Like many cuisines nurtured in mountainous places, Georgian food is notably meat-intensive. So I wasn’t surprised when the counterman at Brick Oven Bread, a Georgian bakery, laughed at my request for meatless khinkali.
Georgia’s famous boiled dumplings, which bear an uncanny resemblance to Shanghai xiao long bao (aka, soup dumplings) or Himalayan momo, are almost always filled with ground beef, pork, or lamb—especially in New York City, where affordable meat is easily procured. (In Georgia, khinkali filled with mushroom, potato, and cheese are not uncommon.)
But then the woman behind the counter spoke up: “I make them stuffed with cheese for myself. Would like to try some?”
And that’s how I came into possession of a rare supply of vegetarian khinkali (8 for $6) filled with soft, tangy, and mildly salty-funky Greek feta cheese. Their crescent-shaped dough shells are soft—but firm—and just thick enough to hold the oozing whipped cheese, even after a thorough boiling.
Brick Oven’s proprietor instructed me in the proper khinkali boiling technique (stir frequently to prevent sticking) and recommended that I eat them with sour cream. (They are also eaten plain or with ground black pepper sprinkled on top.)
But these mild, carb- and dairy-rich dumplings are the perfect vehicle for the ajika (pronounced uh-JEE-kuh) that also came home with me from Brick Oven. This complex condiment, another Georgian specialty, blends red bell pepper with more than a dozen seasonings and spices, including the constituents of Georgia’s famous khmeli-suneli ground spice blend.
Brick Oven’s ajika is heavy on the sweet red bell pepper—which is stewed with tomato, shredded carrot, and ample garlic and then spiked with mildly tangy apple vinegar, saffron, and khmeli-suneli (imported from Georgia) loaded with zingy-savory fenugreek leaves and seeds, as well as fragrant ground coriander seeds. If Balkan ajvar raided a North Indian kitchen, it might taste like this condiment, which is shaping up to be my newest food obsession.
Brick Oven Bread regularly makes fresh batches of ajika at their bakery/shop on Kings Highway in South Brooklyn. If anything can lure me from Queens to Brooklyn, this is it.
Brick Oven Bread, 230 Kings Highway, Gravesend, 718-759-6250
Check out this video of the khachapuri on my instagram, it makes me happy everytime I view it:
I literally returned yesterday from Georgia, and had Khinkali close to every day (and late night) of a two week trip, including tastes of cheese and crab variety. Those, Sir, are not Khinkali, and in fact bear an odd resemblance to freezer pierogi.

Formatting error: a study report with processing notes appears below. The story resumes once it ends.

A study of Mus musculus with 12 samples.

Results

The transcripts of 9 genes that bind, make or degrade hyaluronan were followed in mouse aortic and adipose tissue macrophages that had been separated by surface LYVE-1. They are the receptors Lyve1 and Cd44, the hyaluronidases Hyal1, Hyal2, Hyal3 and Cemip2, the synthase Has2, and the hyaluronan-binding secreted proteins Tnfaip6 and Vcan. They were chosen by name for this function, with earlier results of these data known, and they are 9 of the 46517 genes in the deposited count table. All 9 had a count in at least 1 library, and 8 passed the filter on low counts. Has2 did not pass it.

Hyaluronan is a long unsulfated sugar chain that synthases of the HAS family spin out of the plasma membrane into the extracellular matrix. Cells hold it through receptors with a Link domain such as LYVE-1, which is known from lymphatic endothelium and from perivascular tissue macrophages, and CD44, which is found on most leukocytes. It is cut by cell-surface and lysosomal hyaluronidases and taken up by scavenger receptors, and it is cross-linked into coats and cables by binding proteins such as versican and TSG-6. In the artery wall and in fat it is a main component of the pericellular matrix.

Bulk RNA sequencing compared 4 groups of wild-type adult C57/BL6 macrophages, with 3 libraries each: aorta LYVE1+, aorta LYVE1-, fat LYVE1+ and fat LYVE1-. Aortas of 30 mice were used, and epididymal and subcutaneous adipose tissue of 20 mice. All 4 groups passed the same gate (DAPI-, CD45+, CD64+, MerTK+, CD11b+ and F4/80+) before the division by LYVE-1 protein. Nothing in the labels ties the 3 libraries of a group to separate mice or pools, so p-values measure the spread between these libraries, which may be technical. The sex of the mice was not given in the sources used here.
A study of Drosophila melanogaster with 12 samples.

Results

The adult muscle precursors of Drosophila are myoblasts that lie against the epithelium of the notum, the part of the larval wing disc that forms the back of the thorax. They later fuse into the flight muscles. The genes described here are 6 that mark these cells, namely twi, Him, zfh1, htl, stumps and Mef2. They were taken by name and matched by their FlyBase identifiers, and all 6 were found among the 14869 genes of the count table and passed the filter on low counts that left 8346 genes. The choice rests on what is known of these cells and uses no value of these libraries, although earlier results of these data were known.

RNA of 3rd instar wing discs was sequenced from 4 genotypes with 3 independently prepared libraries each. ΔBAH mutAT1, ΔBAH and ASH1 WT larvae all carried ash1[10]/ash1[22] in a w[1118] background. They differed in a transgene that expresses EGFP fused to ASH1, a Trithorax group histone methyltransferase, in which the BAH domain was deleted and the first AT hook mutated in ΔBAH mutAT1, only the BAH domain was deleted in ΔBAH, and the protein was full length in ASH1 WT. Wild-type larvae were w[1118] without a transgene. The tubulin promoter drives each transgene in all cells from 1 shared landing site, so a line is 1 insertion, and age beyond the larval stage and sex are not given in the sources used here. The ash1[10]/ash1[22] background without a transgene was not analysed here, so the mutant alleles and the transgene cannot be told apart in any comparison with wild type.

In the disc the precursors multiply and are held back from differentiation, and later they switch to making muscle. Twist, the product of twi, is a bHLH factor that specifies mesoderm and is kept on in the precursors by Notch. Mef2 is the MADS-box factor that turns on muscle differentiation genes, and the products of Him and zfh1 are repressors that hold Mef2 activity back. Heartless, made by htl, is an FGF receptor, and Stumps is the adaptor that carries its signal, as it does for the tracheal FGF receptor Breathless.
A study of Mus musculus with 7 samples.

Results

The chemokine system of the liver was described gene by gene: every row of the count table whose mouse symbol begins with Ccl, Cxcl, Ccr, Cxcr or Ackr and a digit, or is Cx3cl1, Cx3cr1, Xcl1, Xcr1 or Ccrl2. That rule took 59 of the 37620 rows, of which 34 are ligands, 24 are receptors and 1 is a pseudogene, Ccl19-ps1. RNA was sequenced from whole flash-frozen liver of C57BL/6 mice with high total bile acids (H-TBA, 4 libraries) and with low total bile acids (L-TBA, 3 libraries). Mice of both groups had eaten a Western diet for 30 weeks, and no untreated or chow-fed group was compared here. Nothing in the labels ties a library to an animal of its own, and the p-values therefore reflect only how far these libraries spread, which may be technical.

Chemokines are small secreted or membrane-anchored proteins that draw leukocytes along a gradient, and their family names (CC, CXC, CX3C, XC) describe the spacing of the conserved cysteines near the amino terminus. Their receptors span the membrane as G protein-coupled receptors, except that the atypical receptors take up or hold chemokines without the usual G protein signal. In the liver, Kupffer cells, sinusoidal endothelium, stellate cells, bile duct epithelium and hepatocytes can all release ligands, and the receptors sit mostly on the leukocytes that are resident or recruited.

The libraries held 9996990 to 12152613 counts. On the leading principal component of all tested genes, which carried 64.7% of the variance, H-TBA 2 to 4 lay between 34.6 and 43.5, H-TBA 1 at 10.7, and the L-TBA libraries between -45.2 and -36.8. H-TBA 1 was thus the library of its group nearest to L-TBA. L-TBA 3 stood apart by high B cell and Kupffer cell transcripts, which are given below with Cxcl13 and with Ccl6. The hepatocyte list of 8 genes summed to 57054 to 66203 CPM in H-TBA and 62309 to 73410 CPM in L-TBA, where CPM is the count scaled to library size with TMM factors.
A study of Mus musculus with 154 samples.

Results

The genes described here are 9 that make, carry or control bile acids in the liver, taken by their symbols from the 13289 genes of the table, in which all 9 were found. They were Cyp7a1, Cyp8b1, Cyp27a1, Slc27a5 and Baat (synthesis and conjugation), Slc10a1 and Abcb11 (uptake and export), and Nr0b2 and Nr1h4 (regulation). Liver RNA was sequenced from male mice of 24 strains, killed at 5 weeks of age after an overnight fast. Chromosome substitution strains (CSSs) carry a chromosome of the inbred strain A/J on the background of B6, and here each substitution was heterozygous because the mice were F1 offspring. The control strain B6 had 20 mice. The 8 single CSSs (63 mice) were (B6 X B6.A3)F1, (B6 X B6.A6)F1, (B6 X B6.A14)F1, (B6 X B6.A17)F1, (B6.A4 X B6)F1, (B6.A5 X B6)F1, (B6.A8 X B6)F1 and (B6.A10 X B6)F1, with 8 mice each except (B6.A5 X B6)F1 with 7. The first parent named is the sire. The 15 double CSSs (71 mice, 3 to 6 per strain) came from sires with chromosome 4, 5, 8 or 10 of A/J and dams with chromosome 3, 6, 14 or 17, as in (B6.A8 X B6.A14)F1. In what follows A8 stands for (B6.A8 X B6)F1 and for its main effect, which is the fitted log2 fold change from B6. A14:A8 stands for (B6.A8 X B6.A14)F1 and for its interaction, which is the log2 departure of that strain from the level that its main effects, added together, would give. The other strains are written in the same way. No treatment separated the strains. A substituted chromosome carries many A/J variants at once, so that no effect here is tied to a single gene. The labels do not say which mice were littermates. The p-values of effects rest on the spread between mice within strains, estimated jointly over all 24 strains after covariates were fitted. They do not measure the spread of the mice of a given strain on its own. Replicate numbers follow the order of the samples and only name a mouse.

True, these khinkali do not have the traditional pleated pouch with top-twist shape, but they are nothing like pierogi (which, by the way, are usually baked — not boiled). Khinkali can come in a variety of shapes (e.g.: http://commons.wikimedia.org/wiki/File:Khinkali_cheese.jpg and http://georgiaonmy2012mind.wordpress.com/2012/01/22/khinkali-anyone/#jp-carousel-22). Brick Oven Bread’s owner confirms that the correct term for the cheese-filled dumplings shown here is indeed “khinkali” in Georgian, or “vareniki” in Russian.
I have also spent time in Georgia and I agree with a previous poster who said these do not look like the khinkali of Georgia. There were times in restaurants where only meat khinkali were offered but then they would also have cheese dumplings that looked more like the photos here.
One of the nice aspects of the cheese khinkali was the savory flavor of the cheese. I’m told that traditionally two cheeses are used: Sulguni, the predominant cheese, is a somewhat like a mozzerella, while Chanakh is a brined cheese more like a feta. I have seen Sulguni in Queens but have never found Chanakh. However, you can make a reasonably Georgia-like cheese khinkali using Halloumi from Cypress, which seems to be available even in main stream supermarkets these days, combined with a good quality Bulgarian Feta.
Tony, perhaps the term khinkali is being used somewhat loosely by the good folks at Brick Oven. Whatever these were, they were tasty — and much appreciated by this vegetarian. Thanks also for the tip re: approximating sulguni + chanakh with Bulgarian feta + Cypriot halloumi. Indeed, both cheeses are especially easy to find in grocery stories in Astoria, Queens (e.g., at Mediterranean Foods, Parrot, and Titan).
I concur with the other posters. These are NOT khinkali and it is an offence to the mothers of Georgia who for centuries have made something part of the national Georgian identity and the family kitchen. Please do not offend people due to your lack of knowledge and information. You need to research more before claiming that what someone else is telling you is true. These are flat, meat (or other filling) stuffed, DUMPLINGS. They take many names in different countries – Austria = G’hackknoedel China = Zong-zi
Again, these are NOT khinkali. Khinkali have the distinctive and unique pleated (13 times) nubbin at the top.